Intimate TV report about a single woman in Taipei
More and more Taiwanese are marrying late, or not at all. Well-educated singles in their 30s are quite common. Some have even given up on looking for their significant other. A declining birthrate is one result of this trend.
Why is that so? Most media reports focus on Taiwanese women. These are some of the reasons usually cited:
- Pressure from work, long hours in the office
- The desire to pursue a professional career and not let it be thrown off the track by children
- Unwillingness to deal with a domineering mother-in-law
- Problems finding a man who is both an intellectual and professional equal, and can accept a strong woman by his side
- The realization that women can have a rich, fulfilling life without a husband or kids
Taiwanese girls with Western boyfriends often have to deal with clichees. Listen to their stories.
A Taiwanese lady on German TV
Fixer for foreign TV crews in Taiwan
I played a part in producing this report. The German team had already got in touch with the protagonist Lydia and contacted me to act as their fixer (or producer) on location. This means I helped them to find locations, secure shooting permits, set up interviews, and generally make sure that filming went smoothly.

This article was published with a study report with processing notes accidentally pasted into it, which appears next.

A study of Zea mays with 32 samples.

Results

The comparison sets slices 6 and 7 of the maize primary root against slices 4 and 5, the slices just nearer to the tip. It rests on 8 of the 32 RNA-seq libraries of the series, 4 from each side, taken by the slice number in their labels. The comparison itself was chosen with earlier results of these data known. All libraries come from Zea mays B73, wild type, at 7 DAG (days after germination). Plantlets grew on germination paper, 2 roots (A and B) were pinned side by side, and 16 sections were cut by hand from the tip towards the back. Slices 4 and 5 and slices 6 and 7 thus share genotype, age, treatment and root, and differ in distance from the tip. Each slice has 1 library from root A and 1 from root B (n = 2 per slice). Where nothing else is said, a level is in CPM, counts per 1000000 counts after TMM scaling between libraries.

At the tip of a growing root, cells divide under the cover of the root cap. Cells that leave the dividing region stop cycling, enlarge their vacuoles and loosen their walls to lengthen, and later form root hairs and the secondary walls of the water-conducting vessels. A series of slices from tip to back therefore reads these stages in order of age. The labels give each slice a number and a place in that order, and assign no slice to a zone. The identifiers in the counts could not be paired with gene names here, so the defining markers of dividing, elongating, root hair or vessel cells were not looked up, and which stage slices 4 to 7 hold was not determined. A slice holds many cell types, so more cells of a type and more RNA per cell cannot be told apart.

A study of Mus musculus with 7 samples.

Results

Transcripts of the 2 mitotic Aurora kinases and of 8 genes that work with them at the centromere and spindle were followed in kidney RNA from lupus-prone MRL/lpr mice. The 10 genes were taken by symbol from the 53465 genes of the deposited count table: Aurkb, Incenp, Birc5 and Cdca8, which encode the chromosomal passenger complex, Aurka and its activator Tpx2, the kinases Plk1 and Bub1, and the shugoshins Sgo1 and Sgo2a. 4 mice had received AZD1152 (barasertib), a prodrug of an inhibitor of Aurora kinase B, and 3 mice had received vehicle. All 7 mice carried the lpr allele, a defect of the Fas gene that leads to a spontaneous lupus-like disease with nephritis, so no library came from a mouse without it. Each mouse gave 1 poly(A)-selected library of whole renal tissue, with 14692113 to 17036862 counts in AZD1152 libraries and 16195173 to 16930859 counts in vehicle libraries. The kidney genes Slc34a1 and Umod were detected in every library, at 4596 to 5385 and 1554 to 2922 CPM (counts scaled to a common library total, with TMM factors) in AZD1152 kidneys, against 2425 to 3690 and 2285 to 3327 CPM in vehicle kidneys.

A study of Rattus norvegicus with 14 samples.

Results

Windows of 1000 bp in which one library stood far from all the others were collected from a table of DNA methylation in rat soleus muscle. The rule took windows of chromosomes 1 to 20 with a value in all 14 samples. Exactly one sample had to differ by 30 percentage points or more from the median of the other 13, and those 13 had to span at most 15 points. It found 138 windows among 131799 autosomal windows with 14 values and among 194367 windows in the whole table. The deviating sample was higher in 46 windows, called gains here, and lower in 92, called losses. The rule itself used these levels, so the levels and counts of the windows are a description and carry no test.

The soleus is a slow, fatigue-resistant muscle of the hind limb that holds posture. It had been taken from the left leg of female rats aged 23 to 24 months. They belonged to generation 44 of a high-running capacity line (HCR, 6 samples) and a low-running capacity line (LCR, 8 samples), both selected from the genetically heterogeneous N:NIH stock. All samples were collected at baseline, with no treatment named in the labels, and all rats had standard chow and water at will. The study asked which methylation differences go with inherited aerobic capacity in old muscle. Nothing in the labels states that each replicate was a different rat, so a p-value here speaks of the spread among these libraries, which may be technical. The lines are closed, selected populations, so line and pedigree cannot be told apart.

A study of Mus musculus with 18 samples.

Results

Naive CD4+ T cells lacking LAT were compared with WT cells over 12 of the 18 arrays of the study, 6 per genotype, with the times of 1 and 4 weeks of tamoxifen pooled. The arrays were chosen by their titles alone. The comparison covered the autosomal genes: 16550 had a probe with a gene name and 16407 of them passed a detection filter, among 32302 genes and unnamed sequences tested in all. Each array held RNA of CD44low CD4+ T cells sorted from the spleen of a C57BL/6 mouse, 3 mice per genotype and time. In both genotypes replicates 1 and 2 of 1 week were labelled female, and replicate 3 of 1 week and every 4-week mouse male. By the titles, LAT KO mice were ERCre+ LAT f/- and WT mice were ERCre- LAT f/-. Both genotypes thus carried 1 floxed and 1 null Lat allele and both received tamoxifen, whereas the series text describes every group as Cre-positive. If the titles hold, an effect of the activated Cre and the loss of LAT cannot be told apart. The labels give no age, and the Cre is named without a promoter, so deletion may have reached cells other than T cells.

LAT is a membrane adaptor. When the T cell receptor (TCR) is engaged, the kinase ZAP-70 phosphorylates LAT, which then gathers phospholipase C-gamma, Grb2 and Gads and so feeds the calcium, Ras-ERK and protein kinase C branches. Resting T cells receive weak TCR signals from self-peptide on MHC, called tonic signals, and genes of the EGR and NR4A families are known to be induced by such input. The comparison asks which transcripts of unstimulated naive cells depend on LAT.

Since I am a professional TV reporter, and have filmed a number of reports myself, I have an understanding for what is needed when filming stories like this. It’s fun to help colleagues from Germany capture everything they need, and make sure their trip to Taiwan was worthwhile.
In this case, the team consisted of reporter Gönna and cameraman Robert. Both have a lot of experience filming abroad, for Life Links and other programs.
33, female, single, Taiwanese
They were lucky to find a protagonist like Lydia Chen, who was willing to open up her private life to the camera. Like often in Taiwan, personal relationships and recommendations played a part in making this possible.
In TV, it makes a huge difference if you have ten minutes for your story instead of only two or three. You don’t have to focus only on some crucial moments to convey the key facts. Instead, you can follow your protagonist along, watch her in numerous situations, and give her space to talk.
The interviews are not just about “What’s the situation, and how does that make you feel?”, but also about “Why do you think it’s like this?”
I think that Gönna and the team at DW did a fine job in portraying Lydia – and Taiwan.
Many viewers who never heard about Taiwan before will get a good impression of some aspects of urban white collar life and Taiwan’s thirtysomething generation.
What do you think? Can you relate to Lydia’s story, and is it representative? Would you agree that Taiwan is depicted realistically? Share your thoughts in the comment section below.